Anne Baumgartner Carl and Jean Hixson

//Anne Baumgartner Carl and Jean Hixson

Anne Baumgartner Carl and Jean Hixson

Inducted in 1999

First Women To Fly American Military Aircraft; Women Air Service Pilots

Anne Baumgartner Carl
1918 – 2008

Jean Hixson
1922 – 1984

During the early months of World War II, there was a critical shortage of male pilots. America’s foremost woman pilot, Jacqueline Cochran, convinced General H. “Hap” Arnold that a corps of properly trained female pilots could serve as backups for male pilots needed for combat duty. Eventually, 1,074 women completed training and earned their silver wings, thus forming the Women Airforce Service Pilots (WASP). They were the first women to fly American military aircraft. Anne Baumgartner Carl and Jean Hixson were among that group.

Anne Baumgartner Carl learned to fly in 1940 at Somerset Hills Airport in Basking Ridge, New Jersey. She soloed with just eight hours of instruction in a 50-horsepower Piper Cub. Carl learned about the WASP while working as a writer for the New York Times and in January 1943 volunteered for service. She joined the third WASP class at Howard Hughes Field in Houston, Texas, and received her silver wings on September 11, 1943. Assigned to Wright Field, she became the first female test pilot during World War II. One highlight of her career came in October 14, 1944, when she became the first woman to fly the Bell YP-59A, America’s first jet powered fighter.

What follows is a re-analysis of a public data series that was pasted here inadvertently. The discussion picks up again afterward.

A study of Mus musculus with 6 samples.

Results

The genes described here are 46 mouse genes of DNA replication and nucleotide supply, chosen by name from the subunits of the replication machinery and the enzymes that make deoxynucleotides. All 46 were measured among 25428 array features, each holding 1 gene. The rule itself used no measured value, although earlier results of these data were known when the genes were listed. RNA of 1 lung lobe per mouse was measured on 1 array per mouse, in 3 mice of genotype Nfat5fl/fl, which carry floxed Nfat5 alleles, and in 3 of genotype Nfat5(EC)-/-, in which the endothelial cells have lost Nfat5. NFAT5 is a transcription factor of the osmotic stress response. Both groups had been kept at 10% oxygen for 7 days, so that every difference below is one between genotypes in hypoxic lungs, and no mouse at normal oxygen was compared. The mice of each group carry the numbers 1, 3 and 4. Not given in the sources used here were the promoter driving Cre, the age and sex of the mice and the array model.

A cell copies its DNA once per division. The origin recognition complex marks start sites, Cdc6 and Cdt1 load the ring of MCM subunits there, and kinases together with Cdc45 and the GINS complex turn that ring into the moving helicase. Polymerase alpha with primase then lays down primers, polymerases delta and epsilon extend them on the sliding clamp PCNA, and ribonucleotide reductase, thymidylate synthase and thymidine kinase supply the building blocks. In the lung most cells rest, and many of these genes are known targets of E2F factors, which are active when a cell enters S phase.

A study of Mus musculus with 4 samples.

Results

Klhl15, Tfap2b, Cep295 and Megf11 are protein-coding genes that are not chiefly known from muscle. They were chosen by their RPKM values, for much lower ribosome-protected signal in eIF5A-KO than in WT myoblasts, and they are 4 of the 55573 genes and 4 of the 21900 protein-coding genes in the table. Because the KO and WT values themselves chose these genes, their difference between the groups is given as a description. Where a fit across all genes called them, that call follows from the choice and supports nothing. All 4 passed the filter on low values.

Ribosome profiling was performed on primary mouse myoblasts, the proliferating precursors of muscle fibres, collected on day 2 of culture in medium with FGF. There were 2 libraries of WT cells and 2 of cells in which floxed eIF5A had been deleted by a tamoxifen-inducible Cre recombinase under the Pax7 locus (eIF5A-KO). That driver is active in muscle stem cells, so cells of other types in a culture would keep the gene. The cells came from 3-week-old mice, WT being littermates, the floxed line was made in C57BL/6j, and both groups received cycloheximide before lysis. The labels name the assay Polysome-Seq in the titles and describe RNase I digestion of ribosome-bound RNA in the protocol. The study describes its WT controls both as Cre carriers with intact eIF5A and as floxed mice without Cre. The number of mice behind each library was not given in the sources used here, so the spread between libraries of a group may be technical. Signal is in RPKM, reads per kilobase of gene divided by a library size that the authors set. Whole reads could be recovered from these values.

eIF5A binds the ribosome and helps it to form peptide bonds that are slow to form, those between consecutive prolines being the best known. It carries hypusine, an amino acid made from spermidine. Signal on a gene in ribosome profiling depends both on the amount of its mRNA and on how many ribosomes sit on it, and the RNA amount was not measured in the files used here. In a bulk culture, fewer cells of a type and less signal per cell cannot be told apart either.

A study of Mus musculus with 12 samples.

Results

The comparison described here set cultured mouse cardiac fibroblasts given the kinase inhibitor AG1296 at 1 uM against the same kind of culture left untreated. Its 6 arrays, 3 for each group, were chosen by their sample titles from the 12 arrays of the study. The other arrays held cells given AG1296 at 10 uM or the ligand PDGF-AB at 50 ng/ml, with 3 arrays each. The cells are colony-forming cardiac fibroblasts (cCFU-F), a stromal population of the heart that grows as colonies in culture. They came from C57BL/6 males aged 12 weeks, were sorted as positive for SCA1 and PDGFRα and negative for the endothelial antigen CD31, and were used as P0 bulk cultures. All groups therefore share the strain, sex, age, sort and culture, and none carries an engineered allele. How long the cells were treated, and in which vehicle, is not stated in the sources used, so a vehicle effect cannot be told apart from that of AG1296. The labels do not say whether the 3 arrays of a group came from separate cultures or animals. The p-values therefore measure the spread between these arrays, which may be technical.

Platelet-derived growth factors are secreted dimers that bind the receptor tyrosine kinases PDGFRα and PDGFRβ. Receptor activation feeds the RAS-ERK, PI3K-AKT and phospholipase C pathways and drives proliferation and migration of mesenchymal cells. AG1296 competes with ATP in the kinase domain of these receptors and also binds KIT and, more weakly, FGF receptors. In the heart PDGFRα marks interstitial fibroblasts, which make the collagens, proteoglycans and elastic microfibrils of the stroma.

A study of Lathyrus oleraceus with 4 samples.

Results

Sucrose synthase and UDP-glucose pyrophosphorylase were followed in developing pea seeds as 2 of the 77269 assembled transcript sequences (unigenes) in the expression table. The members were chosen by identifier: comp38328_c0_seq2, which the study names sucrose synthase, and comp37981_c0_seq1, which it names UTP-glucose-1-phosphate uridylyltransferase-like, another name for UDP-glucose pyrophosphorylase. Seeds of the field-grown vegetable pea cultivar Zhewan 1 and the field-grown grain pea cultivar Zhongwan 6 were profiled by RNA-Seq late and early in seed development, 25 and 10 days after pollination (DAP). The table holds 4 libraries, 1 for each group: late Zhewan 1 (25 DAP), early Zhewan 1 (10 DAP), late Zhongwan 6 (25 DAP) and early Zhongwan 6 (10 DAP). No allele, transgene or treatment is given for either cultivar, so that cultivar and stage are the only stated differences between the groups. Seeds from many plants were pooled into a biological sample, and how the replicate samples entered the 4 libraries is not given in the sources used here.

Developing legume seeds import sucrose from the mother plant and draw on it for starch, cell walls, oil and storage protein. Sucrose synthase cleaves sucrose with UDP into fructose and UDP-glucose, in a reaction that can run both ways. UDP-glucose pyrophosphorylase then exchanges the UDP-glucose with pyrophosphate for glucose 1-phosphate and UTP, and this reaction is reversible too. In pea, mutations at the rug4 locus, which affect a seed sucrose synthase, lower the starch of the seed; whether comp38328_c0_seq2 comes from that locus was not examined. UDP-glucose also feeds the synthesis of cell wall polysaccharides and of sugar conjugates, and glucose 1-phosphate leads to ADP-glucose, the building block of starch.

Jean Hixson was born in Hoopeston, Illinois. She started flight training at the age of 16 and earned her private pilot license by the age of 18. In December 1943, Hixson entered WASP flight training at Avenger Field in Sweetwater, Texas, and after completing training was assigned to a B-25 base in Douglas, Arizona, as an engineering test pilot.

Following the war, Hixson taught school in Akron, Ohio, for 31 years and served in the Air Force active reserves. She also earned a commercial pilot license in both single and multi-engine aircraft and logged over 6,000 hours. In 1957, she became the second woman to fly through the sound barrier. She retired in 1982 as a full colonel with more than 30 years of service.